Natalie Rine, Associate New York Critic
Religious fundamentalism is threatening to wipe out the wisdom of classical antiquity. Debate and discussion are cast aside in favor of brute force and deaf ears. An indisputably smart and acclaimed woman fights for justice amid a sea of dissenting men and society. The setting? No, not America in 2019, but the Library of Alexandria, Egypt. 415 C.E.
“Hypatia and the Heathens,” presented in concert at The Caveat downtown, draws from the missing pages of history to explore the events before the library was infamously burned. Leading us through history is the renowned philosopher and scholar Hypatia (played by a fiery Lia Barcellona Tamborra, who also wrote the show). Hypatia demurs sweetly to cajole the necessary government and bureaucratic heads at the time that her place as philosopher in a changing society is still relevant; her small stature only exacerbates her strength and command of the stage as she transforms to a Grecian-equivalent of a worshiped TED Talker celebrity status with each increasingly fervent song. Hypatia’s battle for her own right to knowledge and self-thought is spurred by the recent government changes persecuting anyone who is not Christian and not following the newly ordained laws adhering to the views of the growing-in-power Bishop. Played with rockstar vocals and personality, Keith Weiss’s Bishop serves as a foil to Hypatia’s intellectual prowess. With both persons holding lofty positions of power with countless people listening to them, only one outlook on life and thought can be right? Right?
While it is easy to draw comparison to today’s political climate, it must be pointed out that the show itself is by no means a political bloodbath against Christianity or religion, but rather it is expertly grounded in strong characters and writing to explore a not-oft discussed time in history that can inform our present on multiple hot button issues from religion in politics to women’s rights. This is examined through the staging and direction by Sidney Erik Wright which utilized levels to tell the story and grander picture. Whether through the heeled shoes adorned by the ensemble or the cast jumping down to the ground level vs the stage, Wright’s staging kept Hypatia at varying power levels— literally— vacillating between being listened to and praised (“it has always been the philosopher’s job to educate the masses”) to being condemned and silenced (“what does the Bible say? Women should be silent”). This staging engaged the audience at parts being hilariously fun immersive and interactive as Hypatia hops around the space close enough to touch, but it also thematically relegates her down from enlightened leader to just one of us on our level, a heathen in need of “equalizing” the playing field through the growing mob mentality of the show’s other townsfolk.
Described by fans as “Great Comet” meets “Jesus Christ Superstar” (with a dash of “A Funny Thing Happened on the Way to the Forum”), “Hypatia and the Heathens” I propose instead should be viewed much more along the lines of an eclectic, boundlessly energetic Netta performance, the recent Eurovision winner known for blending styles and looping music to create new pieces. While sure the first song of “Hypatia” gives us commentary on the setting much like “Great Comet” does, beyond that the comparison should be severed. Irreverent or unbeholden to source material, the vibrant score is essentially different styled pieces sown with care together as if each one was pulled from different sections of the library. Hypatia is repeatedly classical versus the Bishop in a youthful angry rock, culminating in a groovy, toe-tapping score with one common ingredient: lyrical poetry of storytelling comedy that yes, rivals Sondheim’s “Forum” for a new age. Gone also are the harems and mistaken identity tropes, and in is the gender fluidity and strong diverse cast promoting that also visual identity is a moldable, ever-growing asset to the intellectual, just as much a weapon as the Bishop’s flames engulfing the doomed library.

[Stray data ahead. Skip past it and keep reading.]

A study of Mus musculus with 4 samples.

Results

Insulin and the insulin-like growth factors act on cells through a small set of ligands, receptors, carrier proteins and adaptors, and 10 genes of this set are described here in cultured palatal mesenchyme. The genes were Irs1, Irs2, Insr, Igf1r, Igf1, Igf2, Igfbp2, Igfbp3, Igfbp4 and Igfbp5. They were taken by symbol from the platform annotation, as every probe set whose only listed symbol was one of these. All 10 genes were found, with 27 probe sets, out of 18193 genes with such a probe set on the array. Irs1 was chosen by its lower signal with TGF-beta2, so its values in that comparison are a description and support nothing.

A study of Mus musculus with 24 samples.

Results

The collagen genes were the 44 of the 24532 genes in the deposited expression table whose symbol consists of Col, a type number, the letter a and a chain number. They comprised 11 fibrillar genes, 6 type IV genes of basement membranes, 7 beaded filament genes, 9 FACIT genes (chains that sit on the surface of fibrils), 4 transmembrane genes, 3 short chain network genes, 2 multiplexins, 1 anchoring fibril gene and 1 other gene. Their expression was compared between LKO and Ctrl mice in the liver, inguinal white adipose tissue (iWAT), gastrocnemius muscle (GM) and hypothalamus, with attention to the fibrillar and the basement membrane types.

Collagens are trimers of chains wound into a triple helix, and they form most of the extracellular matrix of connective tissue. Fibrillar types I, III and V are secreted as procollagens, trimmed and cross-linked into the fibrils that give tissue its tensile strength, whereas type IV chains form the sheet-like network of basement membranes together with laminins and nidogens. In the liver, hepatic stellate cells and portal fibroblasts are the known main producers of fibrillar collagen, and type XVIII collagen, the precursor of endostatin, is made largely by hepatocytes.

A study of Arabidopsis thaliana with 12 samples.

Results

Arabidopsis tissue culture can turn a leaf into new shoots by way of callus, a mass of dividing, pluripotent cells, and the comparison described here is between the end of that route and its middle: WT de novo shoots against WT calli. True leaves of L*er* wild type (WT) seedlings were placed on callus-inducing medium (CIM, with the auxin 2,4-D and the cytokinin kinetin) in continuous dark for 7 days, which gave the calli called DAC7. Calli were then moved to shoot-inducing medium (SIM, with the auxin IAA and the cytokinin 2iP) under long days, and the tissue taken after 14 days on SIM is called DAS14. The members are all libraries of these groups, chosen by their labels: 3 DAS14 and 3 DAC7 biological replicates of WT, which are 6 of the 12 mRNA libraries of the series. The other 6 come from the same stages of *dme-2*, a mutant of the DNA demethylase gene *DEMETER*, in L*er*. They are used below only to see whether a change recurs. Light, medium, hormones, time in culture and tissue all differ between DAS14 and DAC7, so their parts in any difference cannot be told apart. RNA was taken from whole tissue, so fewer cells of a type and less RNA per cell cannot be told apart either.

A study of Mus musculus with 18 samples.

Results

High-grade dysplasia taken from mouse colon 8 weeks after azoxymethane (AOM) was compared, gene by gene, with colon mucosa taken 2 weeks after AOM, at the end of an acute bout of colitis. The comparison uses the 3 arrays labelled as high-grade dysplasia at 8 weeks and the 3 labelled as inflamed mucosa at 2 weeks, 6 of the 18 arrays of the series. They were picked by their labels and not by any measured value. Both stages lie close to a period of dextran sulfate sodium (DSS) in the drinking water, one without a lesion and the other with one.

By the end of the show, the ensemble descends on Hypatia and the audience with “Pick-a-little” energy, a swarm of infectious gossiping bees we know will follow us out to the real world, as the questions presented in the piece about religion, politics, and education continue to be relevant. The immersive, audience involvement sections of the musical beg to be expanded, as the audience walks away asking just like the cast, “How did we get here? It wasn’t so long ago...”
HYPATIA AND THE HEATHENS: A MUSICAL BACCHANALIA
This concert presentation of “Hypatia and the Heathens: A Musical Bacchanalia” by Lia Barcellona Tamborra and Harry Einhorn, with additional music and orchestration by Bálint Varga is directed by Sidney Erik Wright. “Hypatia” stars Lia Barcellona Tamborra, Harry Einhorn, Keith Weiss, Erin Ulman, Philipp Barrod, Lily Randall, Jordan Underwood, James Addison, Bryce Payne, Light and Sound Design by Paula Pickreign. Run time was one hour and fifteen minutes, no intermission.
“Hypatia” ran at The Caveat (21A Clinton Street, Manhattan) July 15th, 18th, and 22nd. For more information, please visit https://www.caveat.nyc/hypatia/about.